A recent article reporting on fishing families near the BP oil spill who are switching to ‘grind meats,’ reminded me of a recent conversation I had with one of my sisters concerning the population of oysters that thrive in the Gulf.
We were dining at Di Giovanni’s in Roscoe, IL, and I ordered the oysters Rockefeller — a great concoction of oysters stuffed with various cheeses, bacon, and spinach. As I devoured the tasteful treat, my sister pointed out I should savor them while they last, since the oil spill may kill them off or make them too toxic to eat before our next dining experience.
The article discussed how families near the Gulf who depended on local oysters, shrimp, and crab as part of their daily diet, had to switch to ‘grind meats’ that included hamburgers and hotdogs.
There are some who may think this to be a small issue, but to those who reside along the coasts of the Gulf, seafood isn’t just a food source, it’s a way of life. The National Oceanic and Atmospheric Administration (NOAA) report in Fishing Industry in the Gulf of Mexico that, “In 2008, commercial fishermen in the Gulf of Mexico harvested 1.27 billion pounds of finfish and shellfish. Commercial fishermen earned $659 million in total landings revenue in 2008.”
Another recent article reported China’s encounter with exploding oil pipelines that lead to devastating water disasters. The pipeline is owned by China National Petroleum Corp., another oil producing company whose equipment failure seems to remain unexplained to the public.
An environmental official named the Chinese oil spill a “severe threat” to sea life and water quality while a local fisherman claimed that if it wasn’t cleaned up by September 1st, the seafood would be ruined by the oily smell, potentially hindering China’s fish market.
As reported by ABN Newswire, the Glitnir Seafood Industry Report documented that China produced 35 percent of total seafood products in 2007.
I never thought a Southern Wisconsinite, like me, would be directly affected by the BP or Yellow Sea oil spills.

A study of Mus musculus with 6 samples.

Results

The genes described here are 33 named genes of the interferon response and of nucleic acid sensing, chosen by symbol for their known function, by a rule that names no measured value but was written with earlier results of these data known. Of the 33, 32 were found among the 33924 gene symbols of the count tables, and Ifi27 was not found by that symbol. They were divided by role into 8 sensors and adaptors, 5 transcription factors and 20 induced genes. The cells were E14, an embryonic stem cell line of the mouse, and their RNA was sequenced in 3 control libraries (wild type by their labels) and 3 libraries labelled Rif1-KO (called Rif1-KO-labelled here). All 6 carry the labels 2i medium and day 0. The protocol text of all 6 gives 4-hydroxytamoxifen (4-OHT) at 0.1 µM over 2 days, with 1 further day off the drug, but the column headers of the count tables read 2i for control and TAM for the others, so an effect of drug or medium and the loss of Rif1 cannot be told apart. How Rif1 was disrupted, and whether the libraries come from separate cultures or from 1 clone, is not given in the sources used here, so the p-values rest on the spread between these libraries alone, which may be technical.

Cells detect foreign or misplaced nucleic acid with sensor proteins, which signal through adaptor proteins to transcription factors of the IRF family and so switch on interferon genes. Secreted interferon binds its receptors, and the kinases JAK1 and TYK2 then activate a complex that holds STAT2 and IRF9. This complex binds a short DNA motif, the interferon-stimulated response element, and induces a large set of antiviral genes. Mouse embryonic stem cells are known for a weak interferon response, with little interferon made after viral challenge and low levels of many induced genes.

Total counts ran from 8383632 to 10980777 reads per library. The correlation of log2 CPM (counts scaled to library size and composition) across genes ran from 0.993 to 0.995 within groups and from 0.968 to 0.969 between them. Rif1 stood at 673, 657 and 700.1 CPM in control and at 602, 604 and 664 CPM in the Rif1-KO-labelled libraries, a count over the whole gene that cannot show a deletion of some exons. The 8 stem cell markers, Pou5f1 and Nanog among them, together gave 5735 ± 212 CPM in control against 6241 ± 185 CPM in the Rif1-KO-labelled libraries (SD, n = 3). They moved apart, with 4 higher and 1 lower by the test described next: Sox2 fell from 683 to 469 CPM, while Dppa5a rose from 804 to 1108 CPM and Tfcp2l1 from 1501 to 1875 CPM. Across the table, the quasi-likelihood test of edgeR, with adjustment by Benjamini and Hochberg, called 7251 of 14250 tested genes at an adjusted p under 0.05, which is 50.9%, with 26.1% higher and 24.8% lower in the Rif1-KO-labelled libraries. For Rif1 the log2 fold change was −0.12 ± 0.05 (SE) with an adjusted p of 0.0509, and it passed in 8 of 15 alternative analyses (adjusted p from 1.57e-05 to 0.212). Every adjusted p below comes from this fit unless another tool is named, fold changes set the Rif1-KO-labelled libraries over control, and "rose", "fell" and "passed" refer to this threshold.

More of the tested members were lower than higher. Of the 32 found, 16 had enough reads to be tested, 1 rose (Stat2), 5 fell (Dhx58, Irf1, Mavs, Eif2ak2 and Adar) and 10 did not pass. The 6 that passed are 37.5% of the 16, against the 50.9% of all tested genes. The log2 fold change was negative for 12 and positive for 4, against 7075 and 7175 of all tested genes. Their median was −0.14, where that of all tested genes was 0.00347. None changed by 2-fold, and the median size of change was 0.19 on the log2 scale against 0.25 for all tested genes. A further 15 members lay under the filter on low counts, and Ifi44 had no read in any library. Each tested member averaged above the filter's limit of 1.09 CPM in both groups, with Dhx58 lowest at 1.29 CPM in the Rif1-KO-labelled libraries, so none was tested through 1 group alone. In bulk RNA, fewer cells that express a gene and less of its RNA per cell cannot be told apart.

Each of these tragic events not only affects the marine life that swims in the oily aftermath, but it affects those of us who enjoy and appreciate the fine flavors of aquatic cuisine; the workers who provide and distribute to the fish market; and the residents who live near each of the oil spills. And I’m left wondering, were they preventable?
In both situations, the cause of the explosions is unclear, and it’s been reported that BP may have taken a few short cuts concerning safety standards and procedures to rush production and save on costs, which only adds to my disappointment that I may not be able to enjoy one of my all-time favorite delicacies.
There are dozens of stories out there, some left unheard, that deal with equipment failure or constructional error, whether from normal wear-and-tear or from inattention to details; and some of the major incidents seem to be the least explained or left with no one to take the brunt of responsibility.
I get market competition, but I’m still confused how certain companies put profit and rapid distribution over quality and safety. Some of the best products out there took weeks, months, or even years to produce, and consumers never minded to pay for the craftsmanship because it would last and they wouldn’t get hurt in the process of using it.
The rapid advancements in technology increase production times and demand; leading to fiercer and more brutal competition; which seems to be a more tempting reason to ignore certain safety standards and procedures. And then when you know what hits the fan, consumers become the victims of unexplained misfortunes, left stranded among oily oysters and crude shrimp.
Even if you hate seafood, let me know your thoughts on the BP and China oil spills. Could they have been prevented, or should these sorts of incidents be expected to come with the territory? Should drilling still be allowed in such areas where not just marine life is affected? Post your comments below or send them to firstname.lastname@example.org.